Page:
Troy Brouwer and everyone around the Washington Capitals saw overflowing talent in Alexander Semin. It was there in the highlight-reel tallies that led to his being fifth in franchise history in goals and in the sublime passing that led to his being tied for 14th in assists
But there was also the maddening inconsistency of Semin’s game.
“Some nights, you didn’t even know if he was going to come to the rink,” Brouwer said. “It’s tough to play alongside guys like those because you don’t know what you’re going to get out of them.”
For seven years, the Caps got 469 games, 197 goals and 211 assists out of Semin before the right wing signed a one-year, $7 million deal with the Carolina Hurricanes last summer. Even as they’re mired in last place in the Southeast Division, the Caps seem to have no regrets about letting the high-scoring Russian leave.
“We believe in what we’ve got here,” center Mathieu Perreault said. “I think for sure he’s a great player. We always miss good players like that, but I think we’ve adjusted pretty good.”
Part of the adjustment is internal. Semin’s production is gone, but so are the questions about him.
“It was tough to lose his scoring ability when he wanted to play,” Brouwer said. “But all in all, I think we’ve been doing well without him.”
Semin’s four goals and 10 assists would have him tied for second on Washington’s roster with captain and friend Alex Ovechkin. Center Mike Ribeiro, who the Caps traded for at the draft, is making $5 million and has a team-high 21 points on six goals and 15 assists.
“I think that we brought [in] a guy like Ribeiro who does things a little bit differently than him, but I think, still, he fills the gap for what Sasha did,” defenseman Karl Alzner said. “Obviously you’re going to miss a player of that talent, but I think we filled the hole that we did have. If we could have him on our team still, that’d be a bonus for us, but we’re not that fortunate.”
Obviously, Alzner said, Washington would love to be able to have a trio like the Pittsburgh Penguins’ Sidney Crosby, Evgeni Malkin and James Neal, but in a sport with a salary cap that’s not always possible. “That’s a perfect world, and this is the furthest thing from a perfect world,” he said.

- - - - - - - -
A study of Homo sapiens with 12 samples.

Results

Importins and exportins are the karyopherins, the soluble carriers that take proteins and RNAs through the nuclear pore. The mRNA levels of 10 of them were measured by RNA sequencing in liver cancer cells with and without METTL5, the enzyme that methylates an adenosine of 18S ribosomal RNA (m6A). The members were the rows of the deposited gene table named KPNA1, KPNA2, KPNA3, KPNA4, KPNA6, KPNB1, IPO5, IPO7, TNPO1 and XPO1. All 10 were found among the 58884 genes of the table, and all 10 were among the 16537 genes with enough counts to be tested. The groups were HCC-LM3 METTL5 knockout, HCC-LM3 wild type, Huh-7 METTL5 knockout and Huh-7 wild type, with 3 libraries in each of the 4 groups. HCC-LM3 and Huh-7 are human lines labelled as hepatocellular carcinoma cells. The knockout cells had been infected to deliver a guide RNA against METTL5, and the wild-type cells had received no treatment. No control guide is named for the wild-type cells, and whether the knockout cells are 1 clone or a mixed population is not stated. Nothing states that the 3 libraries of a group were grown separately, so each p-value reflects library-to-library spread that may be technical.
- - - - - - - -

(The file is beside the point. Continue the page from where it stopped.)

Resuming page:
Even in the world where Semin played for the Caps, things weren’t perfect.
He was a plus player since 2008-09 and scored 20-plus goals every season except his rookie year. But looking at Semin’s immense talent, Brouwer wasn’t the only one who wondered what could have been.
“It can be frustrating,” said the Caps right wing who has eight goals this season. “I know there’s a lot of guys that work really, really hard to get where they are playing in the NHL, and some guys it’s a little bit easier because of their skill set. Every player’s different, every attitude is different, every personality is different.”
Say what you want about Semin’s personality and his unwillingness to do interviews in English that forced teammates to answer for him, but the 2002 first-round pick could fill the stat sheet. He’s doing that now with Carolina.
Naturally, Ovechkin said he wished his friend were still here.
“Yeah, of course. He’s a great player, good guy, but it’s a business,” Ovechkin said. “Sometimes it’s not your decision to keep the players.”
It was general manager George McPhee’s decision, and he opted to sign Wojtek Wolski and Eric Fehr ($600,000 each) in addition to trading for Ribeiro.
“Every year, you lose four or five guys and you add four or five guys,” McPhee said. “And I like the way our right side is playing right now: Ovi’s got eight, Brouwer’s got eight, Ward’s got five. Fehr’s got four. He’s been on both sides. We like the right side of our lineup a lot right now. It produces and it’s big and it’s gritty.”
Semin is neither big nor gritty, but he did cost the Hurricanes $7 million. According to CapGeek, which tracks team salary caps, Washington is $6.3 million under the ceiling, close enough to bring back Semin with some minor tweaks.
But prior to the season, NBC Sports analyst Pierre McGuire said the Caps were better by virtue of addition by subtracting Semin.
“I think the fact that Alexander Semin’s not there anymore, that’ll alleviate some of the internal tension that was felt in that dressing room because there were a lot of players on that team that thought he was a gross underachiever that didn’t want to compete on a night-to-night basis,” McGuire said in a mid-January conference call. “He’s no longer there. I think that frees up Ovechkin; I think that frees up Nick Backstrom.”
From a pure hockey standpoint, Semin’s absence makes life harder on the Caps. Backstrom and Ribeiro provide balance, but aside from Ovechkin there are no pure goal-scorers on the team.
“The more threats you have, the more it spreads out their defensive abilities,” Brouwer said.
But Alzner said the Caps filled the gaps well. Fehr’s value at $600,000 for four goals and three assists is hard to beat, and the 27-year-old has played both wings and on the penalty kill.
And from a scoring standpoint, Washington has three-plus goals from six players.
“We have Brouwer right now, who score eight goals,” Ovechkin said. “We have Wardo. The guys who don’t have that much respect from different guys, they’re still scoring. It’s kind of a nice thing for us.”
And as Adam Oates talked last week about changing the “culture” around the team, Brouwer noted that the coach doesn’t have to look up and down his bench every game wondering how to use different players.
“There’s no surprises that way,” he said. “There’s no guessing on how the team is going to play is going to play that night or who’s going to show up. You come in and you know the guys are going to be working hard, you know the guys are going to be giving it their all every night.”